What kind of team am I going to coach?

It is very important that a coach takes the time to understand the team they are coaching, using the following questions as a guideline:

  • Is it a mini-basketball team? A children’s team? Is it a team made up of promising young players? Is it a first-class elite team?
  • What sort of organization does the team belong to? Is it a school team? A club team? What sort of school or club?
  • How good are the players? How long have they been playing? What is their potential?
  • Why are the players playing? For fun?  To spend time with friends? To learn and get better at basketball?

The answer to each of these questions will help the coach to understand the context of the team. This will help the coach to avoid the kind of mistakes that can arise if the coach and players (or their parents) have different expectations for the team.

Once the coach understands the type of team they are coaching, it is important that they communicate their expectations to the team. In the context of coaching young children, this must also include communication with the parents.

(English) “A leader’s most powerful ally is their own example”

coach John Wooden

(English) A coach who is training young players has the responsibility of contributing to the players’ overall development both in sport and life in general – taking a holistic approach. The coach should not only be interested in short-term achievements.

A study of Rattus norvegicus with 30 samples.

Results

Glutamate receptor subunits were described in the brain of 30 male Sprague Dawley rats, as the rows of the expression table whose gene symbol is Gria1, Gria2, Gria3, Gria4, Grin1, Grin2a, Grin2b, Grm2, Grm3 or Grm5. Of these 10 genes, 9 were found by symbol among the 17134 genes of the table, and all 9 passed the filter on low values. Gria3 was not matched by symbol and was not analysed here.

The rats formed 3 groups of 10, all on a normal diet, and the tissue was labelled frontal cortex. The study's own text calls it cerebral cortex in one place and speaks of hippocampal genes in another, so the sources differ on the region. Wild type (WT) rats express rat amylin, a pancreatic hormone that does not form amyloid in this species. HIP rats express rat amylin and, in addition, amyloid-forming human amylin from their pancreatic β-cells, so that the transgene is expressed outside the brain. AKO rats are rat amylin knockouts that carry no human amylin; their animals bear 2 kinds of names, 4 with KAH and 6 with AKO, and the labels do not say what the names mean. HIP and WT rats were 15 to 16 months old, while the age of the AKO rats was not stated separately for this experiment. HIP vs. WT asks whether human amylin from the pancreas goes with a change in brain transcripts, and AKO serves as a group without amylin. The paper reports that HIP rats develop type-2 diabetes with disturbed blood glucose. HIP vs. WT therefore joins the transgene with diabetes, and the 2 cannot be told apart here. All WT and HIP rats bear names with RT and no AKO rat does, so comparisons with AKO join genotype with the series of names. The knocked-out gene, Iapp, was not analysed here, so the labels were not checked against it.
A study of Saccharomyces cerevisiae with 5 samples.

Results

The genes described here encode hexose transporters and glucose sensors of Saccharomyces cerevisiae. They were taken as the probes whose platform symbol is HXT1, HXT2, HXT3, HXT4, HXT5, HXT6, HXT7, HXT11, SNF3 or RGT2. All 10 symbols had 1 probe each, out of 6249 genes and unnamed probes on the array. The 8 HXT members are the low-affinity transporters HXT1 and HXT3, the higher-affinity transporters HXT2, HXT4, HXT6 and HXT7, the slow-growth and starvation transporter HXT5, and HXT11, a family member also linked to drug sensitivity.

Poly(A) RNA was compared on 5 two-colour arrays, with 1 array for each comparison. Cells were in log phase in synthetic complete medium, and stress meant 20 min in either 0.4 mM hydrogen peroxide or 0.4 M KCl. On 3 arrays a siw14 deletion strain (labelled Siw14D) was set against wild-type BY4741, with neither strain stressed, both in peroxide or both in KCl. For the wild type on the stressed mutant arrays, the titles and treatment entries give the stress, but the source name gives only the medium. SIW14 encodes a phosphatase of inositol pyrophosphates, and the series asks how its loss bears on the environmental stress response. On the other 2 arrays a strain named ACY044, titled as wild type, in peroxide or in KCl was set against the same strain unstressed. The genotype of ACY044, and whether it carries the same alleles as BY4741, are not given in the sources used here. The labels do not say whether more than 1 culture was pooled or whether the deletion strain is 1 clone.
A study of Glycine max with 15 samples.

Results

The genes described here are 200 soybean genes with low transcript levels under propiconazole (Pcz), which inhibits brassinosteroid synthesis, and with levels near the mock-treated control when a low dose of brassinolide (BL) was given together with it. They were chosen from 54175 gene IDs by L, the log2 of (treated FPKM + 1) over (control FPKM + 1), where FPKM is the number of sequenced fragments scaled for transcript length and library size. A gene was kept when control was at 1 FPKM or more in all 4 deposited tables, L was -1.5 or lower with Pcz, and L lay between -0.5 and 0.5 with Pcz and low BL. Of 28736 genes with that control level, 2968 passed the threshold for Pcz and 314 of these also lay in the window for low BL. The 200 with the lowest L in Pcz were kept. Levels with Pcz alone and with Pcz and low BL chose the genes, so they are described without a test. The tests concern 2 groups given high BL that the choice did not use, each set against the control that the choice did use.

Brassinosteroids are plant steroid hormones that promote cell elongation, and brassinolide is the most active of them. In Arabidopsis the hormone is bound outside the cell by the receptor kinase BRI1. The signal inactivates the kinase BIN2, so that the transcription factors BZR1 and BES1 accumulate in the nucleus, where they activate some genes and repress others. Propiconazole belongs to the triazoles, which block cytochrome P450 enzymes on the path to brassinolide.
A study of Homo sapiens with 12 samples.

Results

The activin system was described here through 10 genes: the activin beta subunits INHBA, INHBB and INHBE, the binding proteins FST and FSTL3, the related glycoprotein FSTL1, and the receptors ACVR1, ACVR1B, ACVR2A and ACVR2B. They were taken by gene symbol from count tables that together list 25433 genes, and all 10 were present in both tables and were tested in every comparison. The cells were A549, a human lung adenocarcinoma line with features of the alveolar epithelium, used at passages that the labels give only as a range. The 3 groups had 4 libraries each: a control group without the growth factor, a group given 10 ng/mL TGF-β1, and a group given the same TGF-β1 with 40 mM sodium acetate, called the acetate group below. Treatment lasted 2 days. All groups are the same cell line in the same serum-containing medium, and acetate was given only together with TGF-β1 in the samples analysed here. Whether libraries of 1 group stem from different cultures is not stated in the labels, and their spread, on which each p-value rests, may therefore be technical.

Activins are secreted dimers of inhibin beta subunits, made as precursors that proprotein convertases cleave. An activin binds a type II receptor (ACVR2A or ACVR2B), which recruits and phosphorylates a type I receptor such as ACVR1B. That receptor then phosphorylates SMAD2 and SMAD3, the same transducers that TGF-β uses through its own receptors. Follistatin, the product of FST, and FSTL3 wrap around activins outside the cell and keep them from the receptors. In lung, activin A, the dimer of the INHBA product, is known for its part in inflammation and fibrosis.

Taking into account all of the above, coaches should decide upon general objectives for the team which reflect that particular team and those players and their particular motivations.

For example: a coach training a mini-basketball school team (ages 9-10) might want to consider the following:

  • All players should have equal opportunity to participate in games.
  • Some of the players may never have played before; some may have been playing for only a year and in general, the skill level of all players is likely to
    be low.
  • Some players will have good basic movement skills (running, jumping etc.) while others will not and the level of fitness of players may vary widely.
  • The coach’s main priority will be to contribute to the personal development of these children in developing a positive and sportsmanlike.
  • Therefore, general aims that the coach may adopt could be that the children:
    • enjoy themselves
    • improve their physical development
    • improve their physical development
    • learn certain values (such as team work, respect for others, etc.)
    • work on overall improvement of basketball fundamentals (dribbling, passing, etc.)
    • see that success is measured by the improvement of skills (team and individual) and executing those skills in games.